Father Ted actress Rynagh O’Grady, who memorably played Craggy Island shop owner Mary O’Leary on the show, has died aged 67.
The death of the Irish actress, who appeared in the Bafta-winning classic from 1995 to 1998, was announced today in a statement by the Abbey Theatre in Dublin.
Rynagh was also known for playing Bernie’s mother in The Commitments and had roles in The Bill and Tom Cruise blockbuster Far and Away.
But her part in Father Ted, where she would often act opposite the late Dermot Morgan, had audiences in tears of laughter.
The running joke would see her character Mary abusively arguing with her husband, before pretending to be the agreeable lovable couple on sight of the titular priest.
One of her co-stars Pauline McLynn – who played Mrs Doyle – simply posted two words online ‘So sad x’.
Tragic loss: The death of the Irish actress, best known for her role as Craggy Island shop owner Mary O’Leary from 1995-1998, was announced in a statement by the Abbey Theatre
Iconic role: Although Rynagh became a nationally known name with her role in Father Ted, she was a star of the Irish theatre scene
RIP: Father Ted star Rynagh O’Grady has died aged 67 (above as Mary O’Leary in the show alongside Patrick Drury as John O’Leary)
The statement from the Abbey Theatre said: ‘We were deeply saddened to hear of the sudden passing of our beloved friend and colleague Rynagh O’Grady. We are thinking of her family and all who loved her.
‘Rynagh trained in the Abbey School of Acting and first appeared on our stages in 1969. Notable productions included Donal O’Kelly’s Mamie Sighs in 1990 and more recently in Deirdre Kinahan’s The Unmanageable Sisters.
Director of the Abbey Theatre, Graham McLaren said: ‘Rynagh O Grady, Her grace, Her talent, Her humour, Her integrity, Her patience
‘I’d sneak into the back row of the Abbey to watch her hush a hysterical audience with a look, then lead them through a speech full of heart, humanity & justice
‘Irish theatre got a lot darker today.
‘We were honoured to have Rynagh reading for the Abbey stage as part of Dear Ireland in August 2020. She will be greatly missed. Rest in peace, dear Rynagh.’
Fellow Abbey Theatre actor Bill Murphy also tweeted a tribute to his friend and colleague, writing: ‘So sorry to hear of the passing of our trojan woman and friend actor Rynagh O Grady.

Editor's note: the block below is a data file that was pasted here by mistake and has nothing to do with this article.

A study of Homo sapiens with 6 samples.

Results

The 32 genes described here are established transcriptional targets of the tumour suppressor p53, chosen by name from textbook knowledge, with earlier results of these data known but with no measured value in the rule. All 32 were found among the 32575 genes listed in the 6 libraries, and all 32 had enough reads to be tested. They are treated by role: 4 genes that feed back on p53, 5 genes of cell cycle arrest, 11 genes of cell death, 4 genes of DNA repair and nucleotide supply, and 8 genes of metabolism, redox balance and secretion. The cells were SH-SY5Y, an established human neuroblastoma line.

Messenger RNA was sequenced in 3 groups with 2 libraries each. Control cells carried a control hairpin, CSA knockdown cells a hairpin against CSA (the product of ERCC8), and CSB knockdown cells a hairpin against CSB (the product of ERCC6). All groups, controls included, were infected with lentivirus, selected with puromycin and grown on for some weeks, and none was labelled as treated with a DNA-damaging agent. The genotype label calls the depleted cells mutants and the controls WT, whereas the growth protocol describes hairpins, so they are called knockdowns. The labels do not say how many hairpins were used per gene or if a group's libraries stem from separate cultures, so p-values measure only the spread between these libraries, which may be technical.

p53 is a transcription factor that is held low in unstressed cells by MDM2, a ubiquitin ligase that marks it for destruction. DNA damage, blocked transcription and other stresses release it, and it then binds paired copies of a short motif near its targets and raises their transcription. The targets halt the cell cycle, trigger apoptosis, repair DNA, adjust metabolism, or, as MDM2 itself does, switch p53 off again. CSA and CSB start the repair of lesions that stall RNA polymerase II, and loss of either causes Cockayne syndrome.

‘We served together on equity and more recently worked together. Thunderous ovations to you Rynagh. You made your mark.’
Rynagh was born in Dublin, Ireland in 1954 and learned her craft at the Abbey School of Acting.
Acclaimed: In 2017 Rynagh worked on comedy Supervized which followed a group of former internationally renowned superheroes who are living out their twilight years in a retirement home in Ireland
Tribute: Fellow Abbey Theatre actor Bill Murphy also tweeted a tribute to his friend and colleague, writing: ‘So sorry to hear of the passing of our trojan woman and friend actor Rynagh O Grady’
Tribute: Director of the Abbey Theatre,Graham McLaren, paid an emotional tribute to his late friend
Rynagh appeared in numerous theatre productions at Ireland’s National Theatre and carved out a stellar reputation with her directorial and writing skills.
She was married to musician Eamon Murray – with whom she created four-part documentary for RTE FM3: The Sound Of Volcanoes in 1998.
The documentary saw the couple journey from Mexico to Ecuador exploring the role and development of music in the lives of the people of Central America.
She shot to national fame with her role on Father Ted as shop owner Mary, who frequently had explosive spats with husband John (Patrick Drury) before putting on a united front for customers.
She said of the role on her website: ‘I was thrilled to play Mary O’Leary in Father Ted.
‘Declan Lowney is one of the nicest directors I have worked with. Arthur and Graham wrote fantastic wacky scripts with this undercurrent of shocking truth.
‘We recorded it in front of a live audience in London, which was good as it gave us something to bounce off.’
Rynagh had started to write and direct in the 1990s – she founded Stray Dog Productions which produced theatre, television and films.
In 1991, RTÉ commissioned her to write and direct Born Bolshie, a documentary on Chloe Gibson: a woman who made a major contribution to the development of television drama in Ireland.
RIP: Friends and fans of the star took to Twitter to pay tribute in the wake of her passing
The documentary scooped Rynagh a Jacobs Award in 1992 – the Irish equivalent of a BAFTA.
She said: ‘This was a great experience as I got to interview lots of major players in both the Irish and British TV world. I had a fantastic crew, with my good friend Loesje at the helm and the ingenious late Pat Hayes on sound.’
Her theatre directing credits include 1993’s Statements after an Arrest at the Project Arts Centre, Dublin and 2003’s Keep Coming Back, which she also wrote and performed in.
Rynagh made a documentary in Cuba in 2004 on the lives of the artistic community, which was broadcast by SoundRadio UK.
In 2006 she once again joined forces with husband Eamon for a one person show, Voice In The Wind, which toured worldwide.
Then in 2006 Rynagh toured the world with a one-person show with music played by Eamon Murray, Voices in the Wind directed by John Olohan.
As well as Father Ted, notable roles include that of Olive in the 1992 Tom Cruise and Nicole Kidman-helmed movie, Far and Away, Bernie’s mother in 1991’s The Commitments and Mrs Coyle in the 2005 film Breakfast On Pluto, which starred Cillian Murphy.
In 2017 Rynagh worked on comedy Supervized which followed a group of former internationally renowned superheroes who are living out their twilight years in a retirement home in Ireland.